This week in scientific history ‘ the electron


122 years ago, on the 30th of April 1897, J. J. Thomson announced his discovery of negatively charged constituents of the atom, which we now call electrons. In the Cavendish Laboratory, then located on Free School Lane, Thompson conducted experiments as Director of the Laboratory. He investigated the conduction of electricity through gases ‘ work for which he would win a Nobel Prize in 1906.

Publisher: Varsity Online
Twitter: @varsityuk

Researchers observe rarest event in history of the universe

Around 1,500 meters deep in the Italian Gran Sasso mountains is the underground laboratory LNGS (Laboratori Nazionali del Gran Sasso), in which scientists search for dark matter particles in a lab sealed off from any radioactivity interference. Their tool is the XENON1T detector, the central part of which consists of a cylindrical tank of about one meter in length filled with 3200 kilograms of liquid xenon at a temperature of -95 degrees Celsius.


Date: 2019-04-25T13:16:25+00:00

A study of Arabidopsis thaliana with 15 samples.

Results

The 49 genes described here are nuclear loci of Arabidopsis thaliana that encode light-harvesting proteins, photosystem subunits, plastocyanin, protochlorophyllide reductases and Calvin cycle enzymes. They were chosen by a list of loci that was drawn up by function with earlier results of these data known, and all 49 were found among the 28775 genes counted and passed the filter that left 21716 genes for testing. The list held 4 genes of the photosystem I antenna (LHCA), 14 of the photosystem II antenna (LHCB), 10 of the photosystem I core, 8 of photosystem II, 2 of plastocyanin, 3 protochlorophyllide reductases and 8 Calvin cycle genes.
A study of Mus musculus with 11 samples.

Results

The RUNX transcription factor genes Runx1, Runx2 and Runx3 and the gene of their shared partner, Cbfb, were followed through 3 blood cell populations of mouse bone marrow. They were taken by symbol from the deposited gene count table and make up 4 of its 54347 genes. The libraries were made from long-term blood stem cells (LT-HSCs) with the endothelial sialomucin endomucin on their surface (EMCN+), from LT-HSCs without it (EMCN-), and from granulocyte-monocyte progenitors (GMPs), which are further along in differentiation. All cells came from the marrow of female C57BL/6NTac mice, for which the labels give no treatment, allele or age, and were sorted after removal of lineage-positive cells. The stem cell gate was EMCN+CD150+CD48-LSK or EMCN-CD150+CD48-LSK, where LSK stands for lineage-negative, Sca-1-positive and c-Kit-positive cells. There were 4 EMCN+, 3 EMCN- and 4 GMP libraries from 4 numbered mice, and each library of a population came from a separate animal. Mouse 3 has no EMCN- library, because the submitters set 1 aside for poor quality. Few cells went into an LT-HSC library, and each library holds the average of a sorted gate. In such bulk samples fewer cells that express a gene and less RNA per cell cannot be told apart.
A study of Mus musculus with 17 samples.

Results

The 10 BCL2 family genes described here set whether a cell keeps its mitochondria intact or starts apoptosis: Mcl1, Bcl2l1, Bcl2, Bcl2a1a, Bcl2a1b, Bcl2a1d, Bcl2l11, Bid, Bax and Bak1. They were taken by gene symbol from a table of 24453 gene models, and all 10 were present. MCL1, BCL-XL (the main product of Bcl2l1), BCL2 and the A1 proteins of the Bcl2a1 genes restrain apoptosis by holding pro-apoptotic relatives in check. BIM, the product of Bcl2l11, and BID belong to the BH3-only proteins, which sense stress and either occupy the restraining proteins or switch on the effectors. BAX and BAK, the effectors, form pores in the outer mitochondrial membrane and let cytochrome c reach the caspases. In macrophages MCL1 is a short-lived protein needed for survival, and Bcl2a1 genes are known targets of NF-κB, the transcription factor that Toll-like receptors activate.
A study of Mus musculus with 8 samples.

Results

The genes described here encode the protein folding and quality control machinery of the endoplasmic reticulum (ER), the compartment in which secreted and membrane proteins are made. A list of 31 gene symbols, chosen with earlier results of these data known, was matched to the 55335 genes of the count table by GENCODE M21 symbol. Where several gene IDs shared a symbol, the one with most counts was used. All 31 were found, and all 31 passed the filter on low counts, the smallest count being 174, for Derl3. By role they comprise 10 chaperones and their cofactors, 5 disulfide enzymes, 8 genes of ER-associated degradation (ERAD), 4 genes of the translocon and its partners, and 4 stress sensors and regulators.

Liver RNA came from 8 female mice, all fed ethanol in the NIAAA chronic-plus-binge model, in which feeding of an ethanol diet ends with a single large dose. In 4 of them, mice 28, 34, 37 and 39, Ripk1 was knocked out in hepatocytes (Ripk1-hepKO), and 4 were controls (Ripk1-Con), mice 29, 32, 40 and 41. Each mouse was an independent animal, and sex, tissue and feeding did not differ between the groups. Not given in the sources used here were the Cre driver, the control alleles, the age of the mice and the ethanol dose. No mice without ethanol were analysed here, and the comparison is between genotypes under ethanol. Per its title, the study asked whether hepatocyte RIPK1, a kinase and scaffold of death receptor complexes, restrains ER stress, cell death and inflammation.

Author: Author link
Twitter: @ScienceBlogTwit

Drew Holland Kinney is a visiting assistant professor of political science at St. John Fisher College.

Though calling the events in Venezuela a coup is contested ‘ the opposition has largely rejected the term, while Maduro’s regime has used it ‘ Guaid’s courting of the military to intervene in the political process and overthrow a state’s executive leadership is a textbook case of civilian coup advocacy.


The UO’s Museum of Natural and Cultural History is partnering with the Emmy Award-winning oral history organization StoryCorps to document the experiences of Oregonians involved in social and environmental justice movements.’

The museum’s project, titled Oregon Stories: Speaking of Justice, will bring StoryCorps to campus this week to record conversations between 15 participant pairs who will discuss their work in civil rights, climate stewardship, indigenous cultural justice, educational equity and more.


Publisher: Around the O
Date: 2019-04-24T11:12:16-07:00
Reference: Visit Source

Happening on Twitter

Greetings Earthlings: There is no spoon or AI. The data presented above may one day be zapped to another dimension. Just thought you should be aware. Dude, there was a blue light over there just now.